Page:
With electric pop vibes, underlying ambient sounds and dreamy, poetic lyrics, Of Monsters and Men’s latest album, Fever Dream, is both subtly familiar and strange. As the title suggests, the album feels a bit like a fever dream. In the strange dreamscape of the mind, one can encounter the alter-ego of the beloved Icelandic band — classic acoustic sound is traded for more bogged down instrumentation, folk vibes replaced by a modern aesthetic. What remains constant, however, is the unique and imaginative lyrics that made previous hits, like the 2012 track “Little Talks,” so striking.

The 11-track album opens with “Alligator,” an upbeat, powerful song that sets the tone for the album. Previous work from the band has been characterized by softer vocals, gentler sounds and true-to-form folk stylings. Fever Dream, however, marks a shift in the band’s image and form. On one hand, the rousing vigor of the album is a welcome change, especially in the context of the release. Between sunny summer vibes and 2019 marking yet another year of intense social change and protest, somber lamentations and gentle acoustics can step aside until winter comes.

On the other hand, this stylistic transition — a mark of healthy experimentation necessary for any ensemble — is also a gamble. As the saying goes, “If it ain’t broke, don’t fix it.” Of Monsters and Men certainly had a powerful formula, taking part in the advent of Scandinavian folk and pop’s breakthrough into the mainstream. But consistency can also bring a quick and painful downfall — to maintain relevance, change and adaptation is mandatory. Fever Dream, while a bit underwhelming, still holds promise for future releases.

Overall, Fever Dream is more important in the context of the band’s growth than as a standalone album. That aside, the album does have several good tracks. “Waiting for Snow” is somewhat somber in its reflective structure, poignantly asking, “What can you offer me,” and evoking a sense of bitterness and loneliness. The lines “I used to make mountains / But then they grew bigger than me” shoot the core of insecurity and individual purpose. Like a case of growing pains, it’s difficult to keep up with life, when the world endlessly turns on and on.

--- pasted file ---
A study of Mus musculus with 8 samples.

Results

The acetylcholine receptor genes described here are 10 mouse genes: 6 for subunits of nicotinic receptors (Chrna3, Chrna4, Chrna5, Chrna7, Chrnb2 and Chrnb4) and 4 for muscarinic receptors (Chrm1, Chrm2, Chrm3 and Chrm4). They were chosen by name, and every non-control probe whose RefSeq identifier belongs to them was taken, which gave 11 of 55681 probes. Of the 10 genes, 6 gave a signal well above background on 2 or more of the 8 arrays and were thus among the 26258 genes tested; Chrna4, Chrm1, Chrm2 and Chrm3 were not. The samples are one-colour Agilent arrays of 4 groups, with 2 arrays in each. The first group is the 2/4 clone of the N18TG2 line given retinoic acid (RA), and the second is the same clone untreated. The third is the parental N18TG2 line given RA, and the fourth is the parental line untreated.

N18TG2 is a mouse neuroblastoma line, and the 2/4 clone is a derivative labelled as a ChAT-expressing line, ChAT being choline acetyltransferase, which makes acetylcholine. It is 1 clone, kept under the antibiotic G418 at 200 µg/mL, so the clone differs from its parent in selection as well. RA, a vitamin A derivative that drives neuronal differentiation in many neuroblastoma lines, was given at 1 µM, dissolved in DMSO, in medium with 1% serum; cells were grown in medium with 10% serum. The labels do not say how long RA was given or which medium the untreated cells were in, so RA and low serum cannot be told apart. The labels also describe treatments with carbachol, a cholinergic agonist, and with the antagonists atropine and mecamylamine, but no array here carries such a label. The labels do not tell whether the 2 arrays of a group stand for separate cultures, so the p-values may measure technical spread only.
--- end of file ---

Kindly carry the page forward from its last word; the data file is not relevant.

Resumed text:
Many of the songs are structured similarly to the stream of consciousness of the human mind: Rhetorical questions, indecision, painful expressions of self doubt and uncertainty. It is here that the album finds its strength. Songs like “Róróró” hint at a sense of self-destructiveness: “With open arms then I could hold it all / Oh what a shame that I row / To the edges so that I can fall off.” Other tracks, like “Ahay,” question, “You think you know me / Oh, do you really,” as if to assert that no one else really knows who they are. Yet, rather than directing the accusation at a stranger, the lyric reflects the internalized question of how well one knows oneself. More often than not, the worst enemy is the one closest to home: yourself.

Nothing sums this concept up better than the final track, “Soothsayer.” “The mind is a riddle you cannot solve,” and Fever Dream tackles this complexity of the mind. Of Monsters and Men don’t suppose to provide any answers, but the album acts more as an open letter of candor — everybody has their dark days. In moments like this, the buoyancy of the album’s atmosphere makes the most sense, balancing out the heavy lyrical subject matter with subtle rays of hope. Strength can come from facing one’s demons — here, Of Monsters and Men drag a few pesky goblins from the dark depths of the mind to the cleansing light of day.